The killing of an al-Qaida chemical weapons expert in a missile strike two weeks ago on a Pakistani border village has dealt a heavy blow to the terrorist group's ambitions to build weapons of mass destruction, a former CIA case officer says.
Abu Khabab al-Masri was dubbed by terrorism analysts as al-Qaida's "mad scientist." His most notorious work, recorded on videotape, showed dogs being killed in poison gas experiments in Afghanistan when the Taliban ruled.
"If he is out of the picture, al-Qaida's weapons of mass destruction capability has been set back, which would make this one of the more effective strikes in recent years," Arthur Keller, an ex-CIA case officer in Pakistan, told The Associated Press. Keller led the hunt for al-Masri in 2006.
The U.S. offered a $5 million bounty for the 55-year old Egyptian, and the CIA had been hunting him for years. Al-Qaida confirmed his death days after the July 28 attack by unmanned drones on a tribesman's compound in the village of Azam Warsak in South Waziristan.
Al-Masri, whose real name is Midhat Mursi al-Sayid Umar, got his chemical weapons training in the Egyptian army before defecting to the militant Islamic Jihad group, founded by al-Qaida's no. 2 leader, Ayman al-Zawahri.
The U.S. government says that since 1999, al-Masri had been distributing manuals for making chemical and biological weapons.
"I believe that al-Qaida has no shortage of people adept with explosives, and I know that al-Masri promulgated training manuals for poisons," Keller said, "but I'm not sure how skilled any of Al-Masri's proteges may be at synthesizing chemical weapons or toxins."
It's not easy, he said.
"You need both education and hands-on experience to produce decent-quality chemical weapons or toxins."
Chlorine has been used in bombings by militants in Iraq, but these were locally inspired, a U.S. counterterrorism official said on condition of anonymity, not being authorized to comment publicly on the sensitive issue.
Also, no evidence has surfaced that al-Masri continued the chemicals research after moving to Pakistan, although the U.S. government said he was likely carrying out training.
U.S. intelligence agencies tracking al-Masri viewed him as "frightening," said Brian Glyn Williams, an associate professor of Islamic history at the University of Massachusetts, who has just completed research for the U.S. government on weapons of mass destruction.
"From the U.S. government perspective, he was seen as a major threat. His potential to develop primitive weapons of mass destruction was not taken lightly by U.S. law enforcement and intelligence agencies," said Williams.
Suspected trainer of bombers
Al-Masri was also suspected of helping to train the suicide bombers who attacked the destroyer USS Cole in Yemen in 2000, killing 17 American sailors. More recently, he trained militants fighting Western troops in Afghanistan.
His death had already been wrongly reported in a 2006 strike. This time it was confirmed in an al-Qaida statement that said he and three other senior al-Qaida figures were killed, along with some of their children.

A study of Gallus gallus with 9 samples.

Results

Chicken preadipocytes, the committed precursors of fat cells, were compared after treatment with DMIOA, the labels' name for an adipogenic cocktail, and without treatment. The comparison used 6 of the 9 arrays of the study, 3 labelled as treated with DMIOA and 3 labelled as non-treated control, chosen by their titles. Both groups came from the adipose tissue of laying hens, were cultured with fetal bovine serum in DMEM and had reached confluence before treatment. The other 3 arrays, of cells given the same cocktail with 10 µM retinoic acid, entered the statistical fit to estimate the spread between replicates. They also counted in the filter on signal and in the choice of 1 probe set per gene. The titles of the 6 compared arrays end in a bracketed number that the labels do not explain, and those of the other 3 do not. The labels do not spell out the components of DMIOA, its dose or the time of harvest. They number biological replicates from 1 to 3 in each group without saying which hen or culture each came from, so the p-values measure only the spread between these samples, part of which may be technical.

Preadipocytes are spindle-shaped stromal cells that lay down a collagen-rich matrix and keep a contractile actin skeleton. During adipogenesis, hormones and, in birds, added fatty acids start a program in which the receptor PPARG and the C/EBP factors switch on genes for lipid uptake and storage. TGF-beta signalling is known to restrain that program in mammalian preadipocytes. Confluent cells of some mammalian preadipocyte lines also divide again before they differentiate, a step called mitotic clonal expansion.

Al-Masri is the second senior al-Qaida leader to die in missile strikes in Pakistan this year. In January, Abu Laith al-Libi, a top strategist for the group in Afghanistan, was killed in North Waziristan.
A senior Taliban militant from Afghanistan, Qari Mohammed Yusuf, said al-Masri had returned to South Waziristan from fighting in Afghanistan's eastern Paktika province just hours before he was killed.
Al-Masri had spent 40 days in Paktika, which borders South Waziristan, leading a company of non-Afghans in assaults against Afghan and coalition forces, and had lost several fighters, Yusuf said.
He said the Egyptian took his instructions directly from al-Zawahri, his countryman, by e-mail or handwritten letters delivered by messenger.
Yusuf has family ties to al-Qaida and says his two eldest brothers died fighting with al-Zawahri against Northern Alliance soldiers during Taliban rule. Afghan authorities confirm Yusuf is a senior Taliban from northern Afghanistan — not the Taliban spokesman who goes by the same name.
A report by counterterrorism consultant Dan Darling said al-Masri was a scientist in the Egyptian military chemical weapons program, but turned against his government for making peace with Israel in 1979.
He joined al-Zawahri's Islamic Jihad group, and when it merged with al-Qaida, became head of Project al-Zabadi, its WMD program, Darling wrote in a report posted in the Long War Journal, a Web site on terrorism.
Only after the U.S.-led invasion of Afghanistan did evidence of al-Masri's chemical experiments emerge, at al-Qaida's Darunta complex 70 miles east of Kabul.
A videotape obtained by CNN in 2002 showed dogs being killed in gas experiments. Intelligence sources said a voice heard on the tape was al-Masri's, the cable network said at the time.
Experts believe the gas was hydrogen cyanide, used in gas-chamber executions. But NATO chemical weapons specialists said the compound has long been viewed as an unsatisfactory mass-casualty chemical weapon because of its instability and low density.
Still, Western officials worry that terrorists are using the regions that border Pakistan and Afghanistan as a base not just for insurgency but for planning another 9/11-scale attack.
"The death of Abu Khabab al-Masri has a short-term impact on al-Qaida's operations by eliminating a competent senior leader," said Seth Jones, analyst for the U.S.-based RAND Corp. "Over the long run, however, al-Qaida has demonstrated an ability to replace most of its leaders that have been captured or killed."